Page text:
But who will deliver a real choice of schools?: Leading article


This plays on some of Labour's more visible inconsistencies. But will it work? We hope not, because it is a debased distraction from the real issues. And we do not believe that it will, because the dissonances in Mr Major's position are too deafening.

First, he hated school himself and left at the age of 15 without an O- level to his name. If he is to use his own humble origins as a model, his manifesto should propose correspondence courses in banking for all.

Secondly, he sent his son and daughter to private schools, which is rather more relevant than where either he or Mr Blair went to school themselves. Mr Blair's choice of school for his sons is controversial only in relation to Labour policy; in relation to responsibility for the state schools used by nine-tenths of the population, Mr Blair and his colleagues are rather better placed to preach about "opportunity for all".

So let us hope that the education debate in this election will not be about motes, beams and intermediate-sized pieces of wood in the eyes of politicians. Unfortunately, today's discussions on the Tory manifesto seem unlikely to take us further forward.

Gillian Shephard's plan for "super schools" is simply an old, unfulfilled Tory pledge dressed up, that popular schools ought to be able to expand. No one has an ideological objection to this, but there are practical difficulties in allocating more money to successful schools and taking it away from sinking ones.

Her other suggestion for the manifesto - the present draft is a rather thin document, if this is any guide - is to get round the problem of parents who persistently vote against schools opting out of local council control. She wants to copy Labour's plan for "foundation" schools, a half- way house between autonomy and direct rule by education authorities.

This should prompt us to ask more fundamental questions. The truth is that both the Conservatives and Labour are incoherent on the subject of parental choice. The Tories have little to say to the parents of children who are likely to be rejected in a more selective system, while Labour has a strangled message for parents whose children currently enjoy the benefits of partial selection. These parents happen to include Mr Blair himself, Harriet Harman and many of the middle-class voters of Wirral South (by-election pending) whose children go to its two grammar schools.

Both parties are haunted by ghosts. Mrs Shephard has boneheaded traditionalists looming over her shoulder, who simply will not accept that a return to the 11-plus would be divisive and unpopular. Meanwhile, David Blunkett, her Labour shadow, is haunted by Graham Lane. Mr Lane may not be well known, but we all recognise him nonetheless. He is chairman of the metropolitan councils' education committee. He is the embodiment of Hattersleyism, the belief that the Local Education Authority knows best. And he has been frightening Daily Mail and Sunday Times readers by threatening to end selection in the 161 state schools which still practise it.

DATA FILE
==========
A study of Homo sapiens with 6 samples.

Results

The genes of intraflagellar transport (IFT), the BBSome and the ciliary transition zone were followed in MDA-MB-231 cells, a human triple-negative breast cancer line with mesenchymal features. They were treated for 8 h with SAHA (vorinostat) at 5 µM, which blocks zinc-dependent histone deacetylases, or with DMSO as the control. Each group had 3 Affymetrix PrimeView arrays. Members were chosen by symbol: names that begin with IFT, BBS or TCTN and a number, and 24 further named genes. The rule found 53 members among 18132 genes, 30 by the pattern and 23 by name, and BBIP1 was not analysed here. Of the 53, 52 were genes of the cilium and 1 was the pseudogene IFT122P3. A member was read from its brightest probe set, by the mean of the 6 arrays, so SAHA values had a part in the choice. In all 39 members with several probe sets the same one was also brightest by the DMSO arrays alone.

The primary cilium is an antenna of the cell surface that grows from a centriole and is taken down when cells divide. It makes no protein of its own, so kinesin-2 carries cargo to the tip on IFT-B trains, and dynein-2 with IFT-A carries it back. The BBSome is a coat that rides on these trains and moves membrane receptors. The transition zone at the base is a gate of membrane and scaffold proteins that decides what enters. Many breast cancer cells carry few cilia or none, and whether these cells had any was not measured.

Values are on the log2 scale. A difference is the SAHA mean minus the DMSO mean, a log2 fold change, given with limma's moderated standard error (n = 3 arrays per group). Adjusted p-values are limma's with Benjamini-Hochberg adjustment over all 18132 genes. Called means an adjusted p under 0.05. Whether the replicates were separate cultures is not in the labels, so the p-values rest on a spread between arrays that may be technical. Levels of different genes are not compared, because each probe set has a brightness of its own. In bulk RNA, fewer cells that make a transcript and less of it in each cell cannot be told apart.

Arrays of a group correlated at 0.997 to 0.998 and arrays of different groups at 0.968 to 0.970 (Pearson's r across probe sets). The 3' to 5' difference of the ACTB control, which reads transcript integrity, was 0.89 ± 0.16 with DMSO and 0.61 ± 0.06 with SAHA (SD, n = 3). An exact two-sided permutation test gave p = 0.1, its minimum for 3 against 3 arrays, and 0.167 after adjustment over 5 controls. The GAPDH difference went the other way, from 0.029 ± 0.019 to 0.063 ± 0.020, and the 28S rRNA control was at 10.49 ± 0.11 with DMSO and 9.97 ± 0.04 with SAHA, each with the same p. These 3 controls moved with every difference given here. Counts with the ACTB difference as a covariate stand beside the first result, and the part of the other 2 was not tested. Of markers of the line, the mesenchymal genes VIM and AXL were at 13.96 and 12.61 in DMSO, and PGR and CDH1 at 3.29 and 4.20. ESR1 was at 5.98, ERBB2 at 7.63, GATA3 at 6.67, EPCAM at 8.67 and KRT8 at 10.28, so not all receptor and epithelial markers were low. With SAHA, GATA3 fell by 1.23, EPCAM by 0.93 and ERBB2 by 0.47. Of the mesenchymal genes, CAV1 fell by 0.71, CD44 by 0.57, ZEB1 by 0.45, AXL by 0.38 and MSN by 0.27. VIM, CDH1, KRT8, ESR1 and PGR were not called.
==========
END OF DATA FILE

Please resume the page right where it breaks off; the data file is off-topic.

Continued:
Hence Mr Blunkett's statement yesterday that he would veto plans by local councils to ballot parents on the future of grammar schools, if Labour wins the election. That should keep the Tory switchers of the leafy Wirral happy.

But it does not resolve the dilemma of parental choice. By the exercise of millions of parental choices (including the choice of where to buy a house) over the years, this country's schools are being more and more polarised into good and bad. This is starkly revealed in the findings of the Social Market Foundation study which we report on page 1 today. The Government is hoist by its own league tables. Parental choice is clearly an important principle in a free society, but it cannot be a policy for raising standards across the board.

It is to the question of raising standards for the middle and the bottom of the range of schools that our politicians should speak and act. And it is here that this newspaper gives Mr Blunkett the edge over Mrs Shephard, because she has too often been bogged down - as today - in administrative quagmires.

We accept that it may be easier to sound constructive about standards in opposition than in government, but equally the Conservatives simply have to accept responsibility for the present state of our education system. Of course, it should not be forgotten that most parents are broadly satisfied with their children's own schools, but there can be no doubt that the system as a whole has underperformed, is underperforming and must do better.

That is why, with all parties claiming to put education at the top of their list, only the Liberal Democrats can be credited with meaning what they say. "Will the parties spend more on schools?" was one of the eight key election questions which we asked at the beginning of this month. Only Paddy Ashdown has answered it. Mr Blair's promise to shift resources from social security to education may be better than a poke in the eye, but it cannot sustain "education, education and education" as the three priorities of a Labour government. From the Conservatives, however, all we have is a slap in the face with the old school tie.